Eco-cide: How war weaponizes the environment

The environment has become a casualty of war. International law needs to catch up to this reality and address it.

According to the World Economic Forum, ecocide means “unlawful or wanton acts committed with knowledge that there is a substantial likelihood of severe and either widespread or long-term damage to the environment being caused by those acts.” For example, companies dumping pollutants in waterways or cutting down entire forests would qualify.

Though the word is relatively new, a handful of countries already consider it a crime. The Foghorn believes a more specific crime must be articulated: the crime of intentional and malicious destruction of land to render it uninhabitable for the population. In this way, the environment is leveraged as a weapon of warfare.

For example, in Dec. 2023, the Israeli Defense Forces announced that they began pumping seawater into the tunnels under the Gaza strip. Beyond being a danger to any humans in those tunnels – such as Israelis being held by Hamas – an article by Scientific American details the potential environmental devastation of such an act. The seawater could contaminate the aquifer underneath Gaza, which the strip’s millions of residents rely for drinking, agriculture, and sanitization. United Nations (UN) experts warned the action could render the land uninhabitable. Furthermore, though Israeli officials claimed the move was to destroy Hamas’ militant capabilities, many argue the move is just another effort to ethnically cleanse Palestinians in Gaza from the land. If true, pumping seawater into Gaza’s grounds could be a violation of the UN’s Genocide Convention.

A Human Rights Watch investigation in Oct. 2023 found that Israel also dropped white phosphorus on Gaza and parts of southern Lebanon — particularly agricultural areas. White phosphorus is an extremely incendiary chemical that ignites upon making contact with oxygen. When deployed, it is devastating to humans and nature alike. In Lebanon, white phosphorus scorched olive and citrus orchards to the ground and possibly have left the targeted land unusable for agriculture for years. This move violates the right of Lebanese people to an environment that can sustain them. Israel’s use of the chemical weapon has been decried as illegal under international norms.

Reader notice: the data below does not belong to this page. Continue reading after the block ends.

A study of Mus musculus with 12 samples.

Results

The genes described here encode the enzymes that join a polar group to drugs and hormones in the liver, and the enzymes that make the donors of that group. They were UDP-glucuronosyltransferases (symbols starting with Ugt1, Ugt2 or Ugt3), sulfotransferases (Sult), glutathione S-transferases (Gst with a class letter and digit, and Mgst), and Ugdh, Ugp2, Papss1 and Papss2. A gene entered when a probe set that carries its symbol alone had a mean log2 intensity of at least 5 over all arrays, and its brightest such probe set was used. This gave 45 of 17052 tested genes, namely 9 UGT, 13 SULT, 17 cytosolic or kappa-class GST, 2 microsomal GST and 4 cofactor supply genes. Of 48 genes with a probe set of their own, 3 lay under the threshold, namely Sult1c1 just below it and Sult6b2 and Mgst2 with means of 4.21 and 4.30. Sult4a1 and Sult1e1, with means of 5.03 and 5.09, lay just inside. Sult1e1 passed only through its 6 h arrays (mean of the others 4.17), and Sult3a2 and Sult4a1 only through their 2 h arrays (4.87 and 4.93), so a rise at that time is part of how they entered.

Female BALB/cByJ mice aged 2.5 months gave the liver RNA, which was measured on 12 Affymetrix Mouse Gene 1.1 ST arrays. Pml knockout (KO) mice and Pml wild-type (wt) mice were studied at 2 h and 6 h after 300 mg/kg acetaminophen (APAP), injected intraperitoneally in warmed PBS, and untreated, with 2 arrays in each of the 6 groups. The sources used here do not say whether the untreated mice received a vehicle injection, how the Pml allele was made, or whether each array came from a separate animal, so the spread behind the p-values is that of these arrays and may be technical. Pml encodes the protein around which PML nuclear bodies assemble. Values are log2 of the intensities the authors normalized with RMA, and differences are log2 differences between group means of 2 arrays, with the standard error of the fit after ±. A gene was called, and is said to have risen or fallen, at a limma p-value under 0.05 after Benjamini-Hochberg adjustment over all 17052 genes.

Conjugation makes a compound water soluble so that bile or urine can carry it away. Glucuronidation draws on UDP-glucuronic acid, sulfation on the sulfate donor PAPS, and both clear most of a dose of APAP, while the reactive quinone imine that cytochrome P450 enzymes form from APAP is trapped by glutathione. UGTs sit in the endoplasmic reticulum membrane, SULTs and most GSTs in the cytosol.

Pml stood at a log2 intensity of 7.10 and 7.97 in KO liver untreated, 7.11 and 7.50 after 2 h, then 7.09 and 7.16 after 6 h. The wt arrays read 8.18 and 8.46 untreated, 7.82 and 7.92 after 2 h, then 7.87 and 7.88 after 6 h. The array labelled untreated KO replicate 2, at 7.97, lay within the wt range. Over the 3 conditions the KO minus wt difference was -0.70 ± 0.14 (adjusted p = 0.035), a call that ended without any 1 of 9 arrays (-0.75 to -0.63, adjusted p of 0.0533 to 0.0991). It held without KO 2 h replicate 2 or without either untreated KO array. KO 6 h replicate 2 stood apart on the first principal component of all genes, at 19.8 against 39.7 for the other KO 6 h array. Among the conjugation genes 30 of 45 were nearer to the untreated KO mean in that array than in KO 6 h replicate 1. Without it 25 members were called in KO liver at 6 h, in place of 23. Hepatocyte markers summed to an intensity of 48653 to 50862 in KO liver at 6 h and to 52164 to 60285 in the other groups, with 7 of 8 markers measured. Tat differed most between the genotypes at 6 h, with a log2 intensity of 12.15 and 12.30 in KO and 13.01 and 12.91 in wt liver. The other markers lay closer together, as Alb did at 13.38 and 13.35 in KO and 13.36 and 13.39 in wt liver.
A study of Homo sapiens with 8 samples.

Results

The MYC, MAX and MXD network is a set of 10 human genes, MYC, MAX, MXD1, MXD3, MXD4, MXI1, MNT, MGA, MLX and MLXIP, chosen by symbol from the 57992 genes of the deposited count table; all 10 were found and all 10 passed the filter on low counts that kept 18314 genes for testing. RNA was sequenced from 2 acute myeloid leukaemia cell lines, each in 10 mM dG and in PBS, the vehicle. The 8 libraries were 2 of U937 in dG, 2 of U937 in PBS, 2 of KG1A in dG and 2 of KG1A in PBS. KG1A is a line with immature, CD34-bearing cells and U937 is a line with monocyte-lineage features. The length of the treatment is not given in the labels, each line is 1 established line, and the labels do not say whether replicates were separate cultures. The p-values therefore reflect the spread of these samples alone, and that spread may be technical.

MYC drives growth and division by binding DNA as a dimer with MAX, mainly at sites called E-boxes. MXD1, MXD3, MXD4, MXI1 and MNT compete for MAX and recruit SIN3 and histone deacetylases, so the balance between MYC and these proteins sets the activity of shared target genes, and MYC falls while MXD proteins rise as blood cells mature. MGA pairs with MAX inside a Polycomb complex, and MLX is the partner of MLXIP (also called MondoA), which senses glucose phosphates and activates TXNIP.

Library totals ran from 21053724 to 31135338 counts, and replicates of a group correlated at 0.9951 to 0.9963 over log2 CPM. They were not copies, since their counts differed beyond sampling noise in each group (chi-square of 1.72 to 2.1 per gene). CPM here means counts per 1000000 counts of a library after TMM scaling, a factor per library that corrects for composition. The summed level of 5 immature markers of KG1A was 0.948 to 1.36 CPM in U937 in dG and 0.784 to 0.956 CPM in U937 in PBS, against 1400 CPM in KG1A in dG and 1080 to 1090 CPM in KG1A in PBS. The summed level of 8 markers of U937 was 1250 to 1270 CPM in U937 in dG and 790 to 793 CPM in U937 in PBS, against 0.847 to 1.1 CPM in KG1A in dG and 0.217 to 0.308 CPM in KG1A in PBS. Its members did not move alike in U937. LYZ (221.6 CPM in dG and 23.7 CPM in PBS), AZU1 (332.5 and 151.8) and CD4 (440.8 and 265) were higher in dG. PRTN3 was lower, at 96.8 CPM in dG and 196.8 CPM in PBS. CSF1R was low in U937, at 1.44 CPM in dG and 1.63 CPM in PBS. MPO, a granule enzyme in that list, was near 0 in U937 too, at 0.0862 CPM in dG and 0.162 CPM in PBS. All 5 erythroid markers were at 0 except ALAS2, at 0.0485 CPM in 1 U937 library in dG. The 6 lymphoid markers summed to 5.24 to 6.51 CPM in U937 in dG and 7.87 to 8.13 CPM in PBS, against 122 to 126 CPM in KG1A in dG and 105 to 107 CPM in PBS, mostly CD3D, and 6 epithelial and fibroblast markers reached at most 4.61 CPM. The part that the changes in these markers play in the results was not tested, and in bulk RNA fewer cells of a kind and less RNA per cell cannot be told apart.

However, Israel is not the first country to weaponize the environment against their adversaries. There is a long history of forcing indigenous people off their lands via environmental destruction. 

In the 19th century, the United States carried out a massacre of bison. This slaughter irreparably changed the landscape of the Great Plains east of the Rocky Mountains. Furthermore, South Dakota State University found that these killings were  organized as a military strategy in the colonial project against the indigenous people to make their land uninhabitable. 

The environment was weaponized during the Civil War, with General William Sherman’s scorched-earth March to the Sea. It pops up in Vietnam, when U.S. troops deployed Agent Orange against rice farmland. 

The war crime of environmental destruction exists — we’ve seen it committed. Even so, international law hasn’t caught on. Though these acts clearly meet the conditions for Genocide under the Convention, which make it illegal to “Deliberately inflict… on the group conditions of life calculated to bring about its physical destruction in whole or in part,” we haven’t seen world leaders willing to vocalize this crime.

Until we have the specific terminology to refer to the intentional weaponizing of the environment against its inhabitants, we are doomed to watch this crime be perpetrated over and over again.